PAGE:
I did, however, want to say something about the INSIDE of the July 21st issue (no, it was not just a cover, there were actually stories in the magazine), as well as a point about satire in general.
For the past couple of years, TNY has rotated several articles on both Barack Obama (including when he was in the state legislature) and Hilary Clinton. There was even a highly complimentary piece on John McCain a year or two ago. In the July 21st issue, in fact, there was a mini editorial type piece talking about the idea of "flip-flopping" and how mainstream media snatches on any phrase uttered by a candidate that looks like a policy change. TNY took a more rational view of such statements (emphasizing Mr. Obama) and placed them in a larger context of other statments made by the candidate and his history. In addition, there was a longer article on Mr. Obama (again, favorable) talking about the "art" of politics. As much as we would like our politicians to all shoot straight from the hip, such behavior would put us in one diplomatic mess after another. (If this sounds familiar, our current President prides himself on his Wild West approach to politics.)
I think that honesty is probably hard to define when you are a politician. What I mean is that the best politicians have to be willing to change their minds when circumstances change. Many of our laws have nothing to do with moral issues (definition of marriage, life, etc.), but have more to do with policy issues. And it is possible that two very different policies might yield similar--equally desireable or undesireable--outcomes. It is ridiculous to elect politicians whose ideas about every single thing are totally intractable: how could legislation ever be passed? Oh, wait, that is the current situation.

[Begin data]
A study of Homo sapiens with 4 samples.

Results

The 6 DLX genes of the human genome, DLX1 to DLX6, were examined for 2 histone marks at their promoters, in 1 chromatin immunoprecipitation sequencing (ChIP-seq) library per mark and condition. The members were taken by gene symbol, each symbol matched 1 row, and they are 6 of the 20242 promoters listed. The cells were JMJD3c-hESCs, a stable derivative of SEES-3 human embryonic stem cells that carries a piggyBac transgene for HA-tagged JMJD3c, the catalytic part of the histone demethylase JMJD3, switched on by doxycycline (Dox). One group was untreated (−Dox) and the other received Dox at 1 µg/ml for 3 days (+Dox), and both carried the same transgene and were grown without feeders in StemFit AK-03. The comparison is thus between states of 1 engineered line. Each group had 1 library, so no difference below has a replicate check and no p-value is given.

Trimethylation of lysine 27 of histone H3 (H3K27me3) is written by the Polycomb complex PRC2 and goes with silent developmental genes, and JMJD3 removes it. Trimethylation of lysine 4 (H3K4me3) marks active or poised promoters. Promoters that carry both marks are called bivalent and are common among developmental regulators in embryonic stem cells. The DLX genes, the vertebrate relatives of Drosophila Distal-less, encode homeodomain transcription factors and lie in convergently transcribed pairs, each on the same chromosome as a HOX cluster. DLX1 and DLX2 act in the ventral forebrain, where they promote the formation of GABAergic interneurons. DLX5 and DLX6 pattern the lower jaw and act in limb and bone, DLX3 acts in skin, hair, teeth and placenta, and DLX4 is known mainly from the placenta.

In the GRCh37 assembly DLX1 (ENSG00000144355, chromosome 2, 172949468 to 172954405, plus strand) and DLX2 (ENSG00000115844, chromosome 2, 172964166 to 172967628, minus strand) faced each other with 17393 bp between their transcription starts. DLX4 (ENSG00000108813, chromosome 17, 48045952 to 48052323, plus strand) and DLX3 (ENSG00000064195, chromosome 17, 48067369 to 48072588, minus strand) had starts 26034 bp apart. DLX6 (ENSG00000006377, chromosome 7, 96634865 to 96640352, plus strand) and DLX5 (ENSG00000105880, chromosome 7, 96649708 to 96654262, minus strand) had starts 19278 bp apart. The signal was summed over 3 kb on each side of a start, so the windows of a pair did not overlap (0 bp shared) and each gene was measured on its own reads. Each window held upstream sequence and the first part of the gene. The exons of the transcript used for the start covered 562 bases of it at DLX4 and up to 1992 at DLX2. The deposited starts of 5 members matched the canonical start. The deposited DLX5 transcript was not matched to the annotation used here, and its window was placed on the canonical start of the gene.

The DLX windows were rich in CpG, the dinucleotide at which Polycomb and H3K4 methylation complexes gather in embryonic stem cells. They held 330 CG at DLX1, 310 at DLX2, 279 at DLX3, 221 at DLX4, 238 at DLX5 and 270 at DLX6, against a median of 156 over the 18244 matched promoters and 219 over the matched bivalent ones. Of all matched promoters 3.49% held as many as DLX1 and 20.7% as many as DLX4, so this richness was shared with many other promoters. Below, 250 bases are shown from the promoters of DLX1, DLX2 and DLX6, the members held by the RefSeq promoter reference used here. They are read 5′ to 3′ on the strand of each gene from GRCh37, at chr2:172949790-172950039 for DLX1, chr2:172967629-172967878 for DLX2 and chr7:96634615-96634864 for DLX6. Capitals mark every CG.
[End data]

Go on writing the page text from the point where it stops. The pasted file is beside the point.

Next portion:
As for satire, well, this is what TNY does best. (There is a regular feature called Shouts and Murmurs, for example, that is just so snarky. Check out this gem.) A lot of their cover art takes two opposing images with a clever title and sheds clarity. The title of the controversial cover was The Politics of Fear indicating that some of the more outlandish claims against he candidate and his wife have nothing to do with who they really are, but fear over what they might be. And, like many fears, these stereotypes have no foundation in reality. The July 27th cover was tongue in cheek too, though it was just plain funny. The picture is great alone, but the title defines it best: A Summer Escape.
This one appeared less than two months after 9/11/01. This picture speaks volumes about what Mid Easterners in America must have been feeling, and are still feeling.
The following cover appeared on Mother's Day eight years ago and ignited a firestorm of its own, though it was mostly a "family" fight, kept to the confines of the regular readership. I think the frustration was that most female readers identify themselves with the woman on the left. But the juxtaposition puts the buxom, blonde bohemian mother in a much prettier light than the angular, pale working woman. I love it.
This last one, however, from 1998 is probably my all time favorite; it came out 10 years ago this week. If I ever got to do a girl's nursery, I would order a print of this cover and decorate in these very colors. How simple and perfect, but again taking two opposing images to shake up our perceptions. All of these last three are from Carter Goodrich. Each of his covers is like a gift.